One day at Streatham…a young gentleman called to him suddenly, and I suppose he thought disrespectfully, in these words: 'Mr Johnson, would you advise me to marry?' 'I would advise no man to marry, Sir,' returns for answer in a very angry tone Dr Johnson, 'who is not likely to propagate understanding.'
If the man who observes the myriad stars, and considers that they and their innumerable satellites move in their serene dignity through the heavens, each swinging clear of the other's orbit-if, I say, the man who sees this cannot realise the Creator's attributes without the help of the book of Job, then his view of things is beyond my understanding.
As long as we are not actually destroyed, we can work to gain greater understanding of other peoples and to try to present to the peoples of the world the values of our own beliefs. We can do this by demonstrating our conviction that human life is worth preserving and that we are willing to help others to enjoy benefits of our civilization just as we have enjoyed it.
I have never belonged wholeheartedly to country or State, to my circle of friends or even to my own family... Such isolation is sometimes bitter, but I do not regret being cut off from the understanding and sympathy of other men. I lose something by it,to be sure, but I am compensated for it in being rendered independent of the customs, opinions and prejudices of others, and am not tempted to rest my peace of mind upon such shifting foundations.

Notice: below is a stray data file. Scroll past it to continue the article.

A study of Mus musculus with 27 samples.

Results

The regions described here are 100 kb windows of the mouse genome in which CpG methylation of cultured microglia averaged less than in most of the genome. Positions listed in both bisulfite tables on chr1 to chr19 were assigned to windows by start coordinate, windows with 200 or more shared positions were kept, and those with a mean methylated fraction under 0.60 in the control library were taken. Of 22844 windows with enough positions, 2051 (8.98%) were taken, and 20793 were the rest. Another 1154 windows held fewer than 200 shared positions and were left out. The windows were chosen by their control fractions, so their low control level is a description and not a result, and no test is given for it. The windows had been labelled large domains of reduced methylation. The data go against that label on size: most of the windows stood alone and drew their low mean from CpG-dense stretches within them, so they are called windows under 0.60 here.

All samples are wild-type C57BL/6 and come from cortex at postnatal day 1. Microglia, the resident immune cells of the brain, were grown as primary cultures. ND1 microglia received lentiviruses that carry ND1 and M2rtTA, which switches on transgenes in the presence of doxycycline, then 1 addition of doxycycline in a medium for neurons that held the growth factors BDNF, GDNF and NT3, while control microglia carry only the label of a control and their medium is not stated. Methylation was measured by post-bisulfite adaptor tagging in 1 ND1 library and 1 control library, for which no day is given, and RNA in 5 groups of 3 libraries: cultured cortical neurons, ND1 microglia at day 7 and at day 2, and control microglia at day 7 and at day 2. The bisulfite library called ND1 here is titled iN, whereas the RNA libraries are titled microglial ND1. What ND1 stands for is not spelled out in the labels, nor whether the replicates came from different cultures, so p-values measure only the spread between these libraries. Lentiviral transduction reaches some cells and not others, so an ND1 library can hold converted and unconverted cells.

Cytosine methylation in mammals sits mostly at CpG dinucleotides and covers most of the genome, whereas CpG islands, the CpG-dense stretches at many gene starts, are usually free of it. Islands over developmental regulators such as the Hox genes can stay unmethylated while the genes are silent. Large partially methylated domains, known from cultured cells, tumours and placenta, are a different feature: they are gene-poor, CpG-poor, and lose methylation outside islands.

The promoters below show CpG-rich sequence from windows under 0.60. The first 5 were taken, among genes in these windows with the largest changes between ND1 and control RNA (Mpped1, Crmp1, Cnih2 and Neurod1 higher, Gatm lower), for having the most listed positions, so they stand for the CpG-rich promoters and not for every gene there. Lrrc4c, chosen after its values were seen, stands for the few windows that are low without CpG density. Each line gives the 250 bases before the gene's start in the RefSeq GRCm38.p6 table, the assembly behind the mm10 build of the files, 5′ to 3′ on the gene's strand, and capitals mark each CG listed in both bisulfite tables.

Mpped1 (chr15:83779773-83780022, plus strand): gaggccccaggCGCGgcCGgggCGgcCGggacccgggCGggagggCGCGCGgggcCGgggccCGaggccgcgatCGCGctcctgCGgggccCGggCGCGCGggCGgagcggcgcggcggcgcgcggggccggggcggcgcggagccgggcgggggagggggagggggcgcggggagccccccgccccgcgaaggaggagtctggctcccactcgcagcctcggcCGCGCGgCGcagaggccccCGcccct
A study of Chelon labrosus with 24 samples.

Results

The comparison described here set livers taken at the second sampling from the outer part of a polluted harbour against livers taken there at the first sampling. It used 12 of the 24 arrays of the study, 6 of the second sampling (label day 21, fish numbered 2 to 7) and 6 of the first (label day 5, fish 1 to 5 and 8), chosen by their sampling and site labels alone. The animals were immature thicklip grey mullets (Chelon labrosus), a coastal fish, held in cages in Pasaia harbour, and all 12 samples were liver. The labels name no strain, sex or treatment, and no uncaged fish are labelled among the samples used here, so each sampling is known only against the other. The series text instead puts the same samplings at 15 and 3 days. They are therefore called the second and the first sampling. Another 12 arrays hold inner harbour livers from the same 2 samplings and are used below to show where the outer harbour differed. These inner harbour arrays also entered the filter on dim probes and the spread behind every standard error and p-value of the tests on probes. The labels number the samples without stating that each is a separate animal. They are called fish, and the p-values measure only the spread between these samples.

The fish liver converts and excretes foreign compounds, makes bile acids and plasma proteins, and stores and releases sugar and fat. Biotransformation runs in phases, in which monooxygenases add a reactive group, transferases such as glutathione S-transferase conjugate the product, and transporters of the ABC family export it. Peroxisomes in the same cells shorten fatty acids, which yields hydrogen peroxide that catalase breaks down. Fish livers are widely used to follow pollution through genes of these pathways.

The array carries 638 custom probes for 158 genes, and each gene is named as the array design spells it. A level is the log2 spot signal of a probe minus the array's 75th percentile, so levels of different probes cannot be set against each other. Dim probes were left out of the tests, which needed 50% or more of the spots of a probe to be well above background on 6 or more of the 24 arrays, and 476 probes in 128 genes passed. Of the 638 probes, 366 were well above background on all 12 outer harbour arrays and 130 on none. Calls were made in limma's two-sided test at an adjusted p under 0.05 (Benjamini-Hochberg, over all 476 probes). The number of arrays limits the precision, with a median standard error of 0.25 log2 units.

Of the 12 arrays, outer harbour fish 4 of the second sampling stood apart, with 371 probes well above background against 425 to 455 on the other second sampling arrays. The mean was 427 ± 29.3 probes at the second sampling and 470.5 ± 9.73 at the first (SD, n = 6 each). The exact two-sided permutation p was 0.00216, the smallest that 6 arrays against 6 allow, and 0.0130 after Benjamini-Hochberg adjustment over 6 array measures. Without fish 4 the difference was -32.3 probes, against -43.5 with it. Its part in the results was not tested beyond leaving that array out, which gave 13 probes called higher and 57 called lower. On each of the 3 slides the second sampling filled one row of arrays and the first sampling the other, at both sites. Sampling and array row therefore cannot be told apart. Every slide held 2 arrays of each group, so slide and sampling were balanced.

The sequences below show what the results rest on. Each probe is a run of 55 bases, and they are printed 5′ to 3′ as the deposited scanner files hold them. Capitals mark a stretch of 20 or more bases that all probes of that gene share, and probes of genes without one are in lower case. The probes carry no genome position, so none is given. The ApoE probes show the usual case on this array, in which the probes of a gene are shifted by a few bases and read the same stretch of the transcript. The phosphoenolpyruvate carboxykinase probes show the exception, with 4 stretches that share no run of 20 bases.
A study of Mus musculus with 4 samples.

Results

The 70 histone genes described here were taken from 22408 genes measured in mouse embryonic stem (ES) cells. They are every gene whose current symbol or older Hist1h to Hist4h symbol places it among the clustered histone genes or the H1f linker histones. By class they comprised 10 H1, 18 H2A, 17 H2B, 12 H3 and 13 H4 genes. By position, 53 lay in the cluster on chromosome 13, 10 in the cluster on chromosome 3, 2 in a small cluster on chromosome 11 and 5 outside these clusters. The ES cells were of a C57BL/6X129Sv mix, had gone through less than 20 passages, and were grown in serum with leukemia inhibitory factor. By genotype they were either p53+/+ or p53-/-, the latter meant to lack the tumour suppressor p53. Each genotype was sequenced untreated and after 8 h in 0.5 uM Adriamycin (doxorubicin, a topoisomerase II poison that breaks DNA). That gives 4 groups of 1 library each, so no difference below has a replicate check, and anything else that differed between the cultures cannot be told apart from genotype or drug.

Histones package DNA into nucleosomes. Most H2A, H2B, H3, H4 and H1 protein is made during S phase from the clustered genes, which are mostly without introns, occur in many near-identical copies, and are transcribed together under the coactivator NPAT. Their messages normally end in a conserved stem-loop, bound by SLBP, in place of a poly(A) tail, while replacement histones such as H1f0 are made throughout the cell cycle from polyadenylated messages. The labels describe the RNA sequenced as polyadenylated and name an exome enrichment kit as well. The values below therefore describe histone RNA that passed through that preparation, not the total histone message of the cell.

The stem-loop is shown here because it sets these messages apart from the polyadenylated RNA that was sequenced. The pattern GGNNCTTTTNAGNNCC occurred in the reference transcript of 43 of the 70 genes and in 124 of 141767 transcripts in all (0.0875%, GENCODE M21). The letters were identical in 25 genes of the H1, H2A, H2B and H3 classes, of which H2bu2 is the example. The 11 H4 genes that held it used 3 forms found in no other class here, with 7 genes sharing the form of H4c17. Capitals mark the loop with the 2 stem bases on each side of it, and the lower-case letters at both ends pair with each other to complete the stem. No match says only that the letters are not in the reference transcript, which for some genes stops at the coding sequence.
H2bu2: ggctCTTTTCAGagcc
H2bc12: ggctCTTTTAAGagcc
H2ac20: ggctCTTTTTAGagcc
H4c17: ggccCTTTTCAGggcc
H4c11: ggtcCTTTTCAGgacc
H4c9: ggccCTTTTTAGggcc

The human understanding when it has once adopted an opinion (either as being the received opinion or as being agreeable to itself) draws all things else to support and agree with it. And though there be a greater number and weight of instances to be found on the other side, yet these it either neglects and despises, or else by some distinction sets aside and rejects, in order that by this great and pernicious predetermination the authority of its former conclusions may remain inviolate.
It seems to me that the idea of a personal God is an anthropomorphic concept which I cannot take seriously. I feel also not able to imagine some will or goal outside the human sphere. My views are near to those of Spinoza: admiration for the beauty of and belief in the logical simplicity of the order and harmony which we can grasp humbly and only imperfectly. I believe that we have to content ourselves with our imperfect knowledge and understanding and treat values and moral obligations as a purely human problem—the most important of all human problems.
This perversion of the truth, familiar to the artist though it was, always unnerved him afresh and proved too much for him. What was a consequence of the premature ending of his fast was here presented as the cause of it! To fight against this lack of understanding, against a whole world of nonunderstanding, was impossible.
The creed of our democracy is that liberty is acquired and kept by men and women who are strong and self-reliant, and possessed of such wisdom as God gives mankind - men and women who are just, and understanding, and generous to others - men and women who are capable of disciplining themselves. For they are the rulers and they must rule themselves.